Bottom Line: Moonrise Kingdom is a cinematic splendor and a work of art.
“Do not cross this stick.” –Jared Gilman as Sam
Directed by: Wes Anderson
Starring: Bill Murray, Bob Balaban, Bruce Willis, Edward Norton, Frances McDormand, Harvey Keitel, Jared Gilman, Jason Schwartzman, Kara Hayward, Tilda Swinton
MOONRISE KINGDOM is a truly nostalgic adventure, complete with strongly melancholy plot and characters that are much rather complemented than counteracted by an upbeat, optimistic air that rings joy to not so much the human ears as to the human heart. There’s the stylistically presented “you are there” film, when just watching you feel like an unwritten character that could have worked in every sequence…and just above that level there is this masterpiece. Set in 1965, MOONRISE KINGDOM is the thought-provoking result of a recipe highlighted thoroughly by adventure, comedy, drama, and romance. The story sets itself around a young boy named Sam (Jared Gilman) and a young girl named Suzy (Kara Hayward), neither one of them older than thirteen years old. Both are experiencing troubles in their respective lives: Sam is an orphan living with foster parents who could not care much less about him, and Suzy is repeatedly chastised by her emotionally distressing parents on a daily basis. Both have not one friend, and Sam is currently attending his annual Scout camp where every one of his peers mocks him for his grief. After a year of writing letters back in forth, the two decide to flee their unfortunate lives and meet up again that summer, where they fall in a young yet unrestrained love and live in a tent along the wooded area of their residential island, which lies off the coast of New England. It doesn’t take long for Sam’s scout master (Edward Norton) and Suzy’s parents (Frances McDormand and Bill Murray) to grow worried and hunt them down, using their available resources: the exchanged letters and a patient police officer (Bruce Willis).
With every ounce of honesty, I can speak in a regard that I have never lived through 1965—the year just barely preceded the birth of both my parents, in fact—and as I would consider myself more of a strictly modern-day person, I’d be hesitant to say that I’d like to have lived through any point in that decade. Yet I say this with far less hesitation after experiencing the brilliant picture that MOONRISE KINGDOM is. It goes without saying that if a film narrates a particular time period, it should represent it. Take last year’s placement in the cinema, for example. If one were to watch THE HELP, albeit a potentially prosperous period piece, using a television with broken or muted speakers, there would be no way to tell that it was a narrative of the early 1960s. Whereas THE ARTIST was even more fascinating because of its ability to represent the 1920s with premeditated style. Though in its plot MOONRISE KINGDOM is extremely difficult to collate with any medium, it’s visually 2012’s THE ARTIST, placed forty years later. From beginning to end, we feel as if watching one of those old-fashioned, canvas-looking poster ads spring to life, set against a simplistic but nonetheless grand score composed by musical genius Alexandre Desplat. It’s difficult to say exactly which point marks the most utter brilliance presented in the film, but ultimately, I’d settle on the technical atmosphere.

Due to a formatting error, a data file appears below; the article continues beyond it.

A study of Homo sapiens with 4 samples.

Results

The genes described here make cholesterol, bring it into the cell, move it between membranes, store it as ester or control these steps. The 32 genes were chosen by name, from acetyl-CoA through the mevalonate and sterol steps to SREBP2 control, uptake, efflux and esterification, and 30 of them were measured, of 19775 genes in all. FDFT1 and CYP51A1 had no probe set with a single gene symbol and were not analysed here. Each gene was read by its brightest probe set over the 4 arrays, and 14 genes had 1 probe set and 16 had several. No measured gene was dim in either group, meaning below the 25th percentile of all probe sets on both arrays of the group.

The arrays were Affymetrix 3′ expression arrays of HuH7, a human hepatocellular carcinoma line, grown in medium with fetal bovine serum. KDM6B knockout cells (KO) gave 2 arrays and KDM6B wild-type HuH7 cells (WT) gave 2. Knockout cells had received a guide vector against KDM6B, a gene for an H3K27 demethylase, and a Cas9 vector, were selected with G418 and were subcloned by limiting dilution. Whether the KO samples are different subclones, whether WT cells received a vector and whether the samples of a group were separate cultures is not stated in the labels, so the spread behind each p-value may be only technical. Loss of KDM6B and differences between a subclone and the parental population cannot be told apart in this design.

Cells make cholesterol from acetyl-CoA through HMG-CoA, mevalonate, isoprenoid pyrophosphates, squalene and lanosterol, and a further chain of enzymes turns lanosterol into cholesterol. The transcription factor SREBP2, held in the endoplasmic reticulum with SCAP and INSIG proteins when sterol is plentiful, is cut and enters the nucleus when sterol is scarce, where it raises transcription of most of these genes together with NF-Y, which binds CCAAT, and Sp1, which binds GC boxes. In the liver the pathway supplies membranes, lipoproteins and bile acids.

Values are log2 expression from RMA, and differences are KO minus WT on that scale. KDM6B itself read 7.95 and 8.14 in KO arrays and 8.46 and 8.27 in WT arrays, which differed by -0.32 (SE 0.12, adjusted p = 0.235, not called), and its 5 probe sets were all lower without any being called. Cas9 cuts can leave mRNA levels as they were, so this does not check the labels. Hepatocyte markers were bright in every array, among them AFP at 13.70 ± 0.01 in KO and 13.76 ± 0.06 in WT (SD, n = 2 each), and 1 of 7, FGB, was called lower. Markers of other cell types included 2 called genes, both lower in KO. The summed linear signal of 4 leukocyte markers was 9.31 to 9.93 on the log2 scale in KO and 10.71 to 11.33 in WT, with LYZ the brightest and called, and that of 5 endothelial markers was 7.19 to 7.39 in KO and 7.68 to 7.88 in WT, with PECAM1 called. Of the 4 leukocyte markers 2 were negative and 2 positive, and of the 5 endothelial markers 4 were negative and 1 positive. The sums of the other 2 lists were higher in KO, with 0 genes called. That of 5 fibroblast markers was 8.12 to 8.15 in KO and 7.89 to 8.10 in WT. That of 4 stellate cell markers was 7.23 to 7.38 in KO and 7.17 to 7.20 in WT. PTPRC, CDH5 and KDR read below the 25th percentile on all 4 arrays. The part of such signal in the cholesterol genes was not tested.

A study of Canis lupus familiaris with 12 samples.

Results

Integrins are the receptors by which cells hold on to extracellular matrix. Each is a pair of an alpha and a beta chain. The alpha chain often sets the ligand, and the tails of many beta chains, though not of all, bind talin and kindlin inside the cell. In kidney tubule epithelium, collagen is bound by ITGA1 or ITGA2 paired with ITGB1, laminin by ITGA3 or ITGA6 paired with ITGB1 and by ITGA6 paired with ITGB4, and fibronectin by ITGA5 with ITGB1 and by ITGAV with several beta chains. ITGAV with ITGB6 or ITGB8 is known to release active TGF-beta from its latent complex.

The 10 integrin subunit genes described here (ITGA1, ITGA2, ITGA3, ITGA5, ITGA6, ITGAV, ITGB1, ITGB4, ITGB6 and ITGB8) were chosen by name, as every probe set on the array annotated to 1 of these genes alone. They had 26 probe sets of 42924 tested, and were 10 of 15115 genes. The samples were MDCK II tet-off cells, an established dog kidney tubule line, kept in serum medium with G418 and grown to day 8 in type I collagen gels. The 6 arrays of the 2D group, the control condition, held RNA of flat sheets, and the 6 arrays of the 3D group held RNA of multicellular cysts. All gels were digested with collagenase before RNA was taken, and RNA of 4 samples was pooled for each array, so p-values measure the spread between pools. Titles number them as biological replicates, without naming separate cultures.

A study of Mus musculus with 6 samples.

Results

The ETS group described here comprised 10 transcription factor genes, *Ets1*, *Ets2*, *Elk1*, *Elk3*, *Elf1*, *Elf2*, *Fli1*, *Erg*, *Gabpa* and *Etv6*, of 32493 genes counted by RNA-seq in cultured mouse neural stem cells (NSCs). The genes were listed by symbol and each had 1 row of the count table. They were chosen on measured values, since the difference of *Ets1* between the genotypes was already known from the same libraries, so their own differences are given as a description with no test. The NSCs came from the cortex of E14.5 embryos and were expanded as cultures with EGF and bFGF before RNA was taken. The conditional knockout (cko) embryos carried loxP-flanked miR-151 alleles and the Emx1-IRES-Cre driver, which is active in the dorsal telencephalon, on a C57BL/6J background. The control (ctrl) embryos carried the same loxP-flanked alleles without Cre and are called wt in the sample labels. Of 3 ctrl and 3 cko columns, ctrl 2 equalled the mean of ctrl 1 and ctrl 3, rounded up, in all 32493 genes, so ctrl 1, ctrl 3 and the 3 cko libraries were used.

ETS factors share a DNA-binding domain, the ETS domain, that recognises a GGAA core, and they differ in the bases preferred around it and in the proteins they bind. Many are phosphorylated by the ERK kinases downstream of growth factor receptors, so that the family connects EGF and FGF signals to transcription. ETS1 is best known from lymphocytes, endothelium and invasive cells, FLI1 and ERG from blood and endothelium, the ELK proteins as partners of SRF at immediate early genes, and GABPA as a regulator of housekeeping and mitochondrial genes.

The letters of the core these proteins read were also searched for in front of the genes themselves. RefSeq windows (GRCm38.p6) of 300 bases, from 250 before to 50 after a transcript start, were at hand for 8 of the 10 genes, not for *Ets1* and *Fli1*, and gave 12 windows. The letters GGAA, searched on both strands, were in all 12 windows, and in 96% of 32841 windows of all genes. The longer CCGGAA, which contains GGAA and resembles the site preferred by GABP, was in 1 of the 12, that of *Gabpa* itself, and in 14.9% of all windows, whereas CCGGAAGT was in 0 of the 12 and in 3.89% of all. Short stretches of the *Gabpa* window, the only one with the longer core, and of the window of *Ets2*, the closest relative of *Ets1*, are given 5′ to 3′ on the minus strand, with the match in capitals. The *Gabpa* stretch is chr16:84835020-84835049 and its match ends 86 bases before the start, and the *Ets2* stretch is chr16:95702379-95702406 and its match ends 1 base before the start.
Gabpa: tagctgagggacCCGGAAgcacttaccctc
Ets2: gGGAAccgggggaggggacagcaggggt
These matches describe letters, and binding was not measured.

I can’t say I’m terribly familiar with director Wes Anderson. I’ve wanted to give a watch to some of his acclaimed classics such as RUSHMORE and THE ROYAL TENENBAUMS, but it seems I have not gotten around to doing so quite yet. After seeing the mesmerizing gem Anderson carefully pieced together within just the past year, I’m absolutely dying to seek out more of his work. I’ve said my peace about the technical grandeurs as well as those from the story, collaboratively and flawlessly scripted by both Wes Anderson and Roman Coppola, with not a single word misplaced, forgotten, or wasted. It leaves the well-assembled ensemble cast. I’m aware that Anderson has assembled this way in previous films, and just seeing from one film, it’s clear how successful his hand is at the technique. Though the greatest standouts and leading roles are from the debut roles by Gilman and Hayward as the young, fleeing couple, there is a great amount of recognizable talent among the rest of the cast: Bruce Willis, Edward Norton, Bill Murray, Tilda Swinton, Jason Schwartzman, Frances McDormand, and Bob Balaban. If there is one performer who impresses more than any other, it’s Murray. It’s rare for his delivery to be so outstanding; he’s the kind of actor who is great when he wants to be. Undeniably, this ranks as high up as his work in LOST IN TRANSLATION, GROUNDHOG DAY, and GHOST BUSTERS as some as his definitive best.
MOONRISE KINGDOM is an undeniable chef d’oeuvre. It’s one of the few films I’ve seen that fluently manages to blend quirk, wit, soul, and joy, to the very point of dazzling perfection. I can vividly envision the result in my mind, there just isn’t a word the English language provides to speak it. Anyone who has sat in a theater with me and so much as glanced down at me during the credits knows what I look like when my mind is blown in such a public experience. I’m mentally awake once the credits start, but the unfathomable emotion brought by the point the film ends stuns me silent. This happens, but very, very rarely. Perhaps if I was living in the 1960s, the age that brought several classics, it would happen very often. But I’m pretty sure I lived through the 1960s for at least the terse yet downright enthralling and involving ninety-four minutes of MOONRISE KINGDOM.